International Development in Transition: Critical Perspectives - Þjóðarspegillinn Social Sciences Conference


3.11.2017 - 3.11.2017


Reykjavík, Iceland (view on map)


GEST leads a panel at Þjóðarspegillinn Social Sciences Conference

Conference poster


The panel "International Development in Transition: Critical Perspectives" was held in Þjóðarspegillinn Social Sciences Conference organised by the Social Science Research Institute (SSRI) of the University of Iceland on the 3rd of November 2017 and was led by Dr. Pétur Waldorff and Erla Hlín Hjálmarsdóttir from GEST.

Critical perspectives on international development were reflected from different fields within the social sciences and from different geographical contexts. From locating the social in development in rural Tanzania, the McDonaldization of the development field in Namibia, to the process of defining the post 2015 agenda and the SDGs in Senegal. Although the research data on which these presentations are based are derived from field research in different countries on the sub-Saharan continent the findings and reflections are of a general nature and thus could apply to a variety of geographical and social contexts.

Dr. Pétur Waldorff, Senior Researcher at UNU-GEST presented (Ad)Ventures in Development: Reflections on the “Social” in International Development. White elephants, unintended consequences and development mistakes are prominent concepts in discourses on development. International development has been critiqued for not achieving the goals it sets out to accomplish, which includes eradicating poverty and helping those in need. The development concept has had to fight for its survival on all frontiers; political, social and academic. Complex realities, cultural factors, and conflicting ideologies are, for example, thought to stand in the way of development successes.

The ethnographic field research on which this presentation is based took place in the Kigoma region of Tanzania in 2015 and 2016. It is based on a gender focused value chain analysis of fish and fish processing, a qualitative research methodology originating in business studies but used in this case as an applied development research methodology. Research results have shown that the value chain of fish in Kigoma is highly divided by gender. The main focus of this presentation was put on the diverse complexities of development research and representations of complex socio-economic variables that are important to understand and acknowledge for development interventions to succeed and become sustainable. Empirical examples were offered from fieldwork in Tanzania where piracy, human trafficking and sex work, among other factors, all became an unexpected part of an applied development research project.

Erla Hlín Hjálmarsdottir, Head of Research at GEST presented McDonaldization of Development. The study is part of a PhD research in political science at the University of Iceland which critically addresses the concept of performance within development cooperation and explores how the quest for performance affects organizational behavior. It may be difficult to envision how an American fast food chain is embodied in institutional changes within the sphere of development. Based on Weber´s notion of the iron cage, George Ritzer introduced his theory of McDonaldization of society in 1993, with a focus on the irrational consequences of rational systems. In this paper it is argued that McDonaldization of development is a manifestation of the standardization within the sector and the prevailing tyranny of the measurable, relying on analysis of data collected from the rural water supply sector in Namibia and among actors within the international development sphere.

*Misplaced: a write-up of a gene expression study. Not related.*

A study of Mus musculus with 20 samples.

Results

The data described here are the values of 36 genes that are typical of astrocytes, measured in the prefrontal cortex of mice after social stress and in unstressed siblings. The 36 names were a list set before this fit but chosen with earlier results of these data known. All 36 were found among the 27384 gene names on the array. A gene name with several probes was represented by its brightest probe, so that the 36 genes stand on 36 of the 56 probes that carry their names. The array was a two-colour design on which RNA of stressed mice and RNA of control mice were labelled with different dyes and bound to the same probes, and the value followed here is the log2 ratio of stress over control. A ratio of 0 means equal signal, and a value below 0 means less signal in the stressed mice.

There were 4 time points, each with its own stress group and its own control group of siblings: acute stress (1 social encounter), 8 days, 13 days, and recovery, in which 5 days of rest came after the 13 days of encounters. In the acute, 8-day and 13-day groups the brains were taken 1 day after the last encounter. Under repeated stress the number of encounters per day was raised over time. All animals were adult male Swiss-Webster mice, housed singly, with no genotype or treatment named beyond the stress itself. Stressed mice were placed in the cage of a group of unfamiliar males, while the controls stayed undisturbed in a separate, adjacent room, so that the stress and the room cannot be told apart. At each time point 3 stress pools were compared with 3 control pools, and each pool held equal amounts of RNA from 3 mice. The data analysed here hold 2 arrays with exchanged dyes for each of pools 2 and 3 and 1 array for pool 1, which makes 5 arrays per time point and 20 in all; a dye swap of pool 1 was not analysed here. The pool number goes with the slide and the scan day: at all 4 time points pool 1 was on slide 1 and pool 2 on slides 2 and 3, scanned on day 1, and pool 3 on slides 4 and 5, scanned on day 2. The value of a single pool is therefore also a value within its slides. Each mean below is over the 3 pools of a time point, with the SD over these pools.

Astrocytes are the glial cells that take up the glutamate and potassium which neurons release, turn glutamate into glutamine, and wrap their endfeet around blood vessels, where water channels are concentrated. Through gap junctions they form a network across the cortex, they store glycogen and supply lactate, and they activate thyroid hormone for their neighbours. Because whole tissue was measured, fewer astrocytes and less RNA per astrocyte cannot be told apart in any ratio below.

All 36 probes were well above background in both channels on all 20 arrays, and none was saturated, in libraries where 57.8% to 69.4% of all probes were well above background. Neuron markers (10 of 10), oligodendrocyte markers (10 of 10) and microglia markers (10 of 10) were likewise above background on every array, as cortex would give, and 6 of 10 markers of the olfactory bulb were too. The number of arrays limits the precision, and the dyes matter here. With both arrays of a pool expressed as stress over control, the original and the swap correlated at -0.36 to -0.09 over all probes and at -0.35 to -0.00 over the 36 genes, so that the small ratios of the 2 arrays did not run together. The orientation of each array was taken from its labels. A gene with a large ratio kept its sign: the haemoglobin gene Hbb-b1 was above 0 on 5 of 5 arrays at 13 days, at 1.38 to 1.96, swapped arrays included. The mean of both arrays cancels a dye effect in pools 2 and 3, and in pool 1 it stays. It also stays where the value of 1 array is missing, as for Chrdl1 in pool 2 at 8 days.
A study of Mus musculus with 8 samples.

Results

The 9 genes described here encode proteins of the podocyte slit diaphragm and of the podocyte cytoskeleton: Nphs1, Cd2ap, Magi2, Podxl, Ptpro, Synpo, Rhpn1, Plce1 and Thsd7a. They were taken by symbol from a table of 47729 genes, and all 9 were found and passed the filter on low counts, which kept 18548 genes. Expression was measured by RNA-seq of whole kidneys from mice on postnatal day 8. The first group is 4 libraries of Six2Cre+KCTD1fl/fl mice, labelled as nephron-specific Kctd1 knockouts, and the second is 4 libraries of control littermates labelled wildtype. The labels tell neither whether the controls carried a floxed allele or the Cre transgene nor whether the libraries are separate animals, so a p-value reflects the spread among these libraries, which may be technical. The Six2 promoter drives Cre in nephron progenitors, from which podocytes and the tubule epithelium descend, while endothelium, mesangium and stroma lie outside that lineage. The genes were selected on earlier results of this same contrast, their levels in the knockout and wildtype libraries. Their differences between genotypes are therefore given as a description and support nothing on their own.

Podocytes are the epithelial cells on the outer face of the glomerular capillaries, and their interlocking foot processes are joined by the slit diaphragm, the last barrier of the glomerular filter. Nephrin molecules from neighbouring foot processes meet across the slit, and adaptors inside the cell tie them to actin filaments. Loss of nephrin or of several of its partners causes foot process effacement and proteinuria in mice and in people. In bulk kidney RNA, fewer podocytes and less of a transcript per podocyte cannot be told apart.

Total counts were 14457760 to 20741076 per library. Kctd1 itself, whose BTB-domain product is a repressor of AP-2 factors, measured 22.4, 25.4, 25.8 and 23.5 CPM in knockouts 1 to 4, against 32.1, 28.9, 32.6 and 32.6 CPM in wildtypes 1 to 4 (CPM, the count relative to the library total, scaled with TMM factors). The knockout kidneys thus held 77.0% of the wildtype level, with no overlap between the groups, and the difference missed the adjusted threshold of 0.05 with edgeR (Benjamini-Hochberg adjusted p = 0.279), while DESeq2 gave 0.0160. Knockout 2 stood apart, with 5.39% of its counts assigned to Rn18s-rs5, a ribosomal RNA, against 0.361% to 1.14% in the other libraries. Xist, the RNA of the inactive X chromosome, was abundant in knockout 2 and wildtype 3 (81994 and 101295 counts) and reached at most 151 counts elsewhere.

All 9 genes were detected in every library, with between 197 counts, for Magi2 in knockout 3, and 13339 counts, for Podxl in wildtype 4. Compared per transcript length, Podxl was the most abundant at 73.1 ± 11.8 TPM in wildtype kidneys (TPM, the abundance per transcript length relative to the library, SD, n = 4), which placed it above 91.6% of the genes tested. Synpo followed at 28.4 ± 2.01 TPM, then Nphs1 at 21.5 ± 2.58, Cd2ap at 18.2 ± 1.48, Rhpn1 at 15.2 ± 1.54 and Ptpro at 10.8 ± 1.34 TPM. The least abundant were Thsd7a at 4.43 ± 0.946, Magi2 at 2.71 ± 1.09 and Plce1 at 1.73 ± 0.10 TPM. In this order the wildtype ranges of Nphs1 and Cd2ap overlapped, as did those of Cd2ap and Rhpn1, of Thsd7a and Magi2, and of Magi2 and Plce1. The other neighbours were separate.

Some primary components of McDonaldization, such as efficiency, predictability, and calculability, often imposed by the standardization of international organizations, are highly prominent within the development sector. It is argued that such unintended neo-colonialism affects the behavior of individuals and institutions in various ways, including in institutional isomorphism and the supersizing of development.

Guðrún Helga Jóhannsdóttir, PhD Candidate at the Universtiy of Iceland presented Participation in the Post 2015 Consultations in Senegal. The Sustainable Development Goals (SDGs), the successor of the Millennium Development Goals (MDGs), were formed with an overall global consultation. The voice of everyone everywhere was to be heard in the world we want post 2015. This was done as an attempt to respond to major critique of the MDGs, that they were formed by a small group of insiders, without any consultation with stakeholders. National consultations took place in 88 countries at all levels of society, including Senegal, where academics, practitioners and citizens shared their views on the world that they wanted. The overall aim of this article is to examine the request for participation during the post-2015 national consultation process in Senegal and reflect upon whether this massive participation served its purpose. Research findings reveal a contradiction between best practices in development policy making and desired outcomes.

The full program of Þjóðarspegillinn Conference is found here.